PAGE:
Paul Melia: 'Project is a small step in right direction - but our politicians should be leading by example'
The €77m allocated to seven flagship climate projects will reduce emissions by 200,000 tonnes a year. This represents a cut of 0.33pc, and is clearly a drop in the ocean. That said, it is a positive signal from Government. It is investing in projects aimed at decarbonising the economy, and all of the projects have the potential to be scaled up, the district heating systems in particular.
These will utilise the heat generated from the Poolbeg Incinerator and an Amazon data centre to heat homes, heat that would otherwise go to waste. It can be replicated - for example, in the UK, a municipal swimming pool is heated using waste heat from a crematorium. There's potential to utilise heat generated from food processing plants and other industrial processes here, which would otherwise be wasted.
The Dublin local authorities should be commended for including as a condition of planning that new buildings in south Dublin and the Docklands must be capable of utilising district heating. Other local authorities should follow when approving large-scale developments.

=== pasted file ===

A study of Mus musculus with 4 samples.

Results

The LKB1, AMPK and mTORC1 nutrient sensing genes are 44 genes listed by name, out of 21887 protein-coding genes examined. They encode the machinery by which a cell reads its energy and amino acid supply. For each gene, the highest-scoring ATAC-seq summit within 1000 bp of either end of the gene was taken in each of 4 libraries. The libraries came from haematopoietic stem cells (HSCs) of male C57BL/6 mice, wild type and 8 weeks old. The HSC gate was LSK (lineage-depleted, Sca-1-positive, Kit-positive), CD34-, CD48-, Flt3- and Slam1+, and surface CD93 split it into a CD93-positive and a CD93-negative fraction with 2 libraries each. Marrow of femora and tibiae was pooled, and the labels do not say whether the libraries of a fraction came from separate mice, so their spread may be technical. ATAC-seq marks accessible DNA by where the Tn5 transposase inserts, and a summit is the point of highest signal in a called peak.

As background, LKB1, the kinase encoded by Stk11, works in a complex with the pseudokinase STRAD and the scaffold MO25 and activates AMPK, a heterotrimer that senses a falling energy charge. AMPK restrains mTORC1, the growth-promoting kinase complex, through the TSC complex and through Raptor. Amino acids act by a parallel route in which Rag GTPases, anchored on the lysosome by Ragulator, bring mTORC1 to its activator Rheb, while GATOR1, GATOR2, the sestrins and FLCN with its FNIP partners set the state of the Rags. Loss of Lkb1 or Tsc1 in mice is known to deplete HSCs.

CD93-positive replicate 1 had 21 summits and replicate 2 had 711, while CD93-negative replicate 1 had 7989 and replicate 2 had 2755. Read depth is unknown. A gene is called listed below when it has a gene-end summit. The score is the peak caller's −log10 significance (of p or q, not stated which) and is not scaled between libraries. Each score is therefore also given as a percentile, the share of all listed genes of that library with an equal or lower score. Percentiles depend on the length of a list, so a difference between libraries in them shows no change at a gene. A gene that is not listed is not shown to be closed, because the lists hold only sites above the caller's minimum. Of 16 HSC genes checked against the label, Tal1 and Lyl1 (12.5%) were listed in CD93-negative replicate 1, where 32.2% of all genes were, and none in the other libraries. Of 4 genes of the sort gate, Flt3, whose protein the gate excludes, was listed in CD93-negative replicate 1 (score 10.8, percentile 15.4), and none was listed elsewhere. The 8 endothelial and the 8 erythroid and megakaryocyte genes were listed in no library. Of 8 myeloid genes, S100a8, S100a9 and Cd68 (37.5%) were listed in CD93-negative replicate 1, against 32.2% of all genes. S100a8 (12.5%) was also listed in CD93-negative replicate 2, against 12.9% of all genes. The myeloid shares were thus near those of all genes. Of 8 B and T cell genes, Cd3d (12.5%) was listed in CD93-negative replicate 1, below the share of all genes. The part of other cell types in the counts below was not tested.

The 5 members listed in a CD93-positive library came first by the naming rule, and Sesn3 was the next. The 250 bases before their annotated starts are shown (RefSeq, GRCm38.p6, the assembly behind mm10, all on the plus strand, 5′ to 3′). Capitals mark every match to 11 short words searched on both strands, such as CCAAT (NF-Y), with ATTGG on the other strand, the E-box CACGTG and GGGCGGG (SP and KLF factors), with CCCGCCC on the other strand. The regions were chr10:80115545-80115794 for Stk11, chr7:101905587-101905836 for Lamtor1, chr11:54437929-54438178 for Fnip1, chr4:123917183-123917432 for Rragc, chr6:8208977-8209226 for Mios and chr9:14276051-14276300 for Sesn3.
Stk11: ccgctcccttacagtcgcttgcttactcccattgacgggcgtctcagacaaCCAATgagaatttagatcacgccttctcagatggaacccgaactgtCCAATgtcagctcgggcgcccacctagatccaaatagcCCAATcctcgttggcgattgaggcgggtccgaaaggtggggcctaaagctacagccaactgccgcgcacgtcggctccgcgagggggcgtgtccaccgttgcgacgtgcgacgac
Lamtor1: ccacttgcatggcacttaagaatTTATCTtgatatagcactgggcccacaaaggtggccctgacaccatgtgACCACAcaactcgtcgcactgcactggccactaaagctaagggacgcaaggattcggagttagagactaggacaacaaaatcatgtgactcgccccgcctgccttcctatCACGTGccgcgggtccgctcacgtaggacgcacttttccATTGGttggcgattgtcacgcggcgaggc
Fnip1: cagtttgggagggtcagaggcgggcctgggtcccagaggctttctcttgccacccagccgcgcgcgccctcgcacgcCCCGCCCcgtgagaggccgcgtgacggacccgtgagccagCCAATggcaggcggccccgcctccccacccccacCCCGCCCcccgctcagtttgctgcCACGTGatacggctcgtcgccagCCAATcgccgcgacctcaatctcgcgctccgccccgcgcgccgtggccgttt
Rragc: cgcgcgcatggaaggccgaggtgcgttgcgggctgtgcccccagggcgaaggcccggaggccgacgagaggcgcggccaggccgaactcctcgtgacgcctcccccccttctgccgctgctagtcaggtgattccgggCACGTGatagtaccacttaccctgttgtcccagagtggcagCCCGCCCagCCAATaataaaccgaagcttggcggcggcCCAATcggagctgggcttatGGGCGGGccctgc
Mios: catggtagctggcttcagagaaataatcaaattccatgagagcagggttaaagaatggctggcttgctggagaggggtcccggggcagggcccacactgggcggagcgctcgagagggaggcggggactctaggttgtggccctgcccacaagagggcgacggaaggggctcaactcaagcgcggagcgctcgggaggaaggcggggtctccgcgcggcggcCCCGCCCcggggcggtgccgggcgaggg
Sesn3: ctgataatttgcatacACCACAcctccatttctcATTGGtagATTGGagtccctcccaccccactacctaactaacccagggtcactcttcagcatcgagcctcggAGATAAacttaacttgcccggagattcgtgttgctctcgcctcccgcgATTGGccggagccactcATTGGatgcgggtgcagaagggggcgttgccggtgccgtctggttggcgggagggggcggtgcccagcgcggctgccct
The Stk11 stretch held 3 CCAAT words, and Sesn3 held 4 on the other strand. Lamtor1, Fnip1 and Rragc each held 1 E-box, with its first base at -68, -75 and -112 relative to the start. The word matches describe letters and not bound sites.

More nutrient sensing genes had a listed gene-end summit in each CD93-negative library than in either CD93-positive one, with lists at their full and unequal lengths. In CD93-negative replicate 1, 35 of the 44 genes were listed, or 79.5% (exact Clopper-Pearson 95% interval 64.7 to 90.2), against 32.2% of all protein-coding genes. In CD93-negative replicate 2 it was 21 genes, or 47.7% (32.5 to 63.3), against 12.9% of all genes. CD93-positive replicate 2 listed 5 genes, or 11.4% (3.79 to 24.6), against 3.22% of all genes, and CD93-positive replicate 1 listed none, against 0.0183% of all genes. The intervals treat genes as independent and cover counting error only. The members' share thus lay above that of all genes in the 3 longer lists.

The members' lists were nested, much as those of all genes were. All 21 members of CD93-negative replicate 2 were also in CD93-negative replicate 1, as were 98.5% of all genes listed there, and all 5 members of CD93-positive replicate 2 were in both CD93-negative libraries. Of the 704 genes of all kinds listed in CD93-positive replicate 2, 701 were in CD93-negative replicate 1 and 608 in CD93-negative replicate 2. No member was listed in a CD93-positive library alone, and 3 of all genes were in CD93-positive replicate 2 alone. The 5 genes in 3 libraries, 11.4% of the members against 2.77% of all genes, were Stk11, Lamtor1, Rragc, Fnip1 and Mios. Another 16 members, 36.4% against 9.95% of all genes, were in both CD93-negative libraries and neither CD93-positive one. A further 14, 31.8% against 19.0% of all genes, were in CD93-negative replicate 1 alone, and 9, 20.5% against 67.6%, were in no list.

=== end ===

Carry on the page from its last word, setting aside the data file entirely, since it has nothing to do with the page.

But political leadership also needs to step up. Asked if all ministers should drive hybrid or electric cars, which would be cleaner and cheaper to run than petrol or diesel, Taoiseach Leo Varadkar refused to issue a diktat.
He said he had asked An Garda Siochána, which provides State cars to the office of the Taoiseach, Tanáiste, President and Justice Minister, to see if this was feasible.
Finance Minister Paschal Donohoe added that most ministerial cars were leased by the ministers, and that he looked forward to examining the "hybrid opportunity" when renewing the lease on his.
Our politicians must do better. There's no reason why a hybrid car would not fulfil any ministerial driving demands, and switching from fossil fuel motors would at the very least send a signal of Government commitment to action.
The €77m is only the beginning, and there's little argument of the merits of all the projects. It would be interesting to see what projects failed to get over the line, but these applications are not being revealed at this time.
This funding is better late than never. The World Meteorological Organisation says 2018 is on course to be the fourth-hottest on record. The 20 warmest years on record have been in the past 22 years. Our climate is changing, and time is running out.